How the 2017 tax law will affect your filing this year

Mar 06, 2019

As you prepare your 2018 taxes, here some big changes from the Tax Cuts & Jobs Act you should pay attention to.

With this being the first year the new tax law will impact how people file, what are some big changes I should pay attention to as I prepare my 2018 taxes?

At the end of 2017, the Tax Cuts & Jobs Act was passed by Congress and signed into law by President Trump. This tax season will be the first time many of the changes officially take effect. This article will provide an overview of some of the bigger changes that occurred.

The bill preserves seven tax brackets, but changes the rates that apply to 10%, 12%, 22%, 24%, 32%, 35%, and 37%. Here’s how much 2018 income applies to the new rates:

  • 10% (income up to $9,525 for individuals; up to $19,050 for married couples filing jointly)

  • 12% (over $9,525 to $38,700; over $19,050 to $77,400 for couples)

  • 22% (over $38,700 to $82,500; over $77,400 to $165,000 for couples)

  • 24% (over $82,500 to $157,500; over $165,000 to $315,000 for couples)

  • 32% (over $157,500 to $200,000; over $315,000 to $400,000 for couples)

  • 35% (over $200,000 to $500,000; over $400,000 to $600,000 for couples)

  • 37% (over $500,000; over $600,000 for couples).

The new bill nearly doubles the standard deduction. For single filers, the bill increases the deduction to $12,000 from $6,350; for married couples filing jointly it increases to $24,000 from $12,700. However, it eliminates personal exemptions. Previously, you were allowed to claim a $4,050 personal exemption for yourself, your spouse, and each of your dependents.


The new tax law doubles the child tax credit. The new credit is $2,000 for children under age 17. The credit is also made available to higher earners by raising the income threshold under which filers may claim the full credit to $200,000 for single parents and $400,000 for married couples. These income thresholds stood at $75,000 and $110,000 respectively in previous years.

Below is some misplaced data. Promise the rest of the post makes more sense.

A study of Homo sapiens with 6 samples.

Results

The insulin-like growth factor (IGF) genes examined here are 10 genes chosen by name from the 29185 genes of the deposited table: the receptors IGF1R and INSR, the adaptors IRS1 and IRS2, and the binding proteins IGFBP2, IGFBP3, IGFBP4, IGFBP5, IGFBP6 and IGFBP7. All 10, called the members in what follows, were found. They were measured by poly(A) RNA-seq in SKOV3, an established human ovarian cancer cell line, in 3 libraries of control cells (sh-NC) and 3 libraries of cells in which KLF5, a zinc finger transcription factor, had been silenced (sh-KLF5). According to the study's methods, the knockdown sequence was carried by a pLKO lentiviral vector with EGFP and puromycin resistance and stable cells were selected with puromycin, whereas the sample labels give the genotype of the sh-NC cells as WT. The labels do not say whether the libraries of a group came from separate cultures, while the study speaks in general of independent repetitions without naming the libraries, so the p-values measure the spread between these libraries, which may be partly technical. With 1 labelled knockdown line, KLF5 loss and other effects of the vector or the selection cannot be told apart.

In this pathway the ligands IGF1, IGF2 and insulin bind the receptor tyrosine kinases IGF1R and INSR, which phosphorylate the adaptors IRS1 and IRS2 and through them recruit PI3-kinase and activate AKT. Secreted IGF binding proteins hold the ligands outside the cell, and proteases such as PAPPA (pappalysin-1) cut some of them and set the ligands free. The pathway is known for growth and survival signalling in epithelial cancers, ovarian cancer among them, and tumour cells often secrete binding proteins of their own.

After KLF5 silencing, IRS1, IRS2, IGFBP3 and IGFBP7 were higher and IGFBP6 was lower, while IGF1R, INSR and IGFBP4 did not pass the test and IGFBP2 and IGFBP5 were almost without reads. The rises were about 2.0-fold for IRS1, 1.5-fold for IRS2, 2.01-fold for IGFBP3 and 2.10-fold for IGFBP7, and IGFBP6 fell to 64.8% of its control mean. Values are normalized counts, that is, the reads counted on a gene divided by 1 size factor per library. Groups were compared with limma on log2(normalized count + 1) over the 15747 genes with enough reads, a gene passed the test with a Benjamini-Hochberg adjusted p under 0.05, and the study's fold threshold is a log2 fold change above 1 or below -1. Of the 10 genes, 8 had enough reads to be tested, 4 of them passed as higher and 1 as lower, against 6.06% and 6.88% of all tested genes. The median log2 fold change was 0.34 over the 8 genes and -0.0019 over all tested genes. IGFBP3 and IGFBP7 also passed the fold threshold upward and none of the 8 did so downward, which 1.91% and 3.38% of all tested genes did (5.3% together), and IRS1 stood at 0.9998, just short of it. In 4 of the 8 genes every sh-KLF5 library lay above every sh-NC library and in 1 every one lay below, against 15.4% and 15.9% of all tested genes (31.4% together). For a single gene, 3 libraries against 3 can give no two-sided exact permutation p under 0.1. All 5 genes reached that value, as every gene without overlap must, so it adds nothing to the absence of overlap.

The new bill lowers the cap on mortgage interest deductions. If you take out a new mortgage on a first or second home, you will only be allowed to deduct the interest on debt up to $750,000, down from $1 million. Homeowners who already have a mortgage would be unaffected by the change.

The new tax law curbs who’s hit by the alternative minimum tax (AMT). The final bill keeps AMT, but reduces the number of filers subject to it by raising the income exemption levels to $70,300 for single filers, up from $54,300 previously; and $109,400 for married couples, up from $84,500.

Next:"One of the most significant changes is that the new law exempts almost everybody from the estate tax"One of the most significant changes is that the new law exempts almost everybody from the estate tax. While the bill does not call for a repeal of the estate tax, it essentially eliminates it by doubling the amount of money exempt from the estate tax to $10.98 million for individuals and $21.96 million for married couples.

The law does not change a taxpayer’s ability to deduct charitable contributions (assuming they itemize deductions). However, the increased standard deduction will reduce the number of taxpayers who itemize deductions and could impact future contributions.


529 accounts can now be used for K-12 education. Previously, these accounts could only be used for higher education. Up to $10,000 per year can be used on qualified K-12 education expenses.

To understand how these changes-as well as others not listed above-may impact you, contact your CPA.

 

Under the new tax law, were any significant changes made to charitable gifting deductions?

There were no changes to the charitable gifting rules. Individuals can donate up to 30% of their adjusted gross income (AGI) if they are giving non-cash gifts to charity. These can include investments, property, insurance, etc. Any amounts donated above 30% of your AGI can be rolled over to future years and used as deductions when needed.

Additionally, you can still claim a full deduction on cash gifts up to 60% of your AGI. Any amounts donated above 60% of your AGI can also be rolled over to future years.

Mr. Witz is educational program director at MEDIQUS Asset Advisors, Inc. in Chicago. He welcome readers’ questions and can be reached at 800-883-8555 or witz@mediqus.com.

The information in this column is designed to be authoritative. The publisher is not engaged in rendering legal, investment, or tax advice.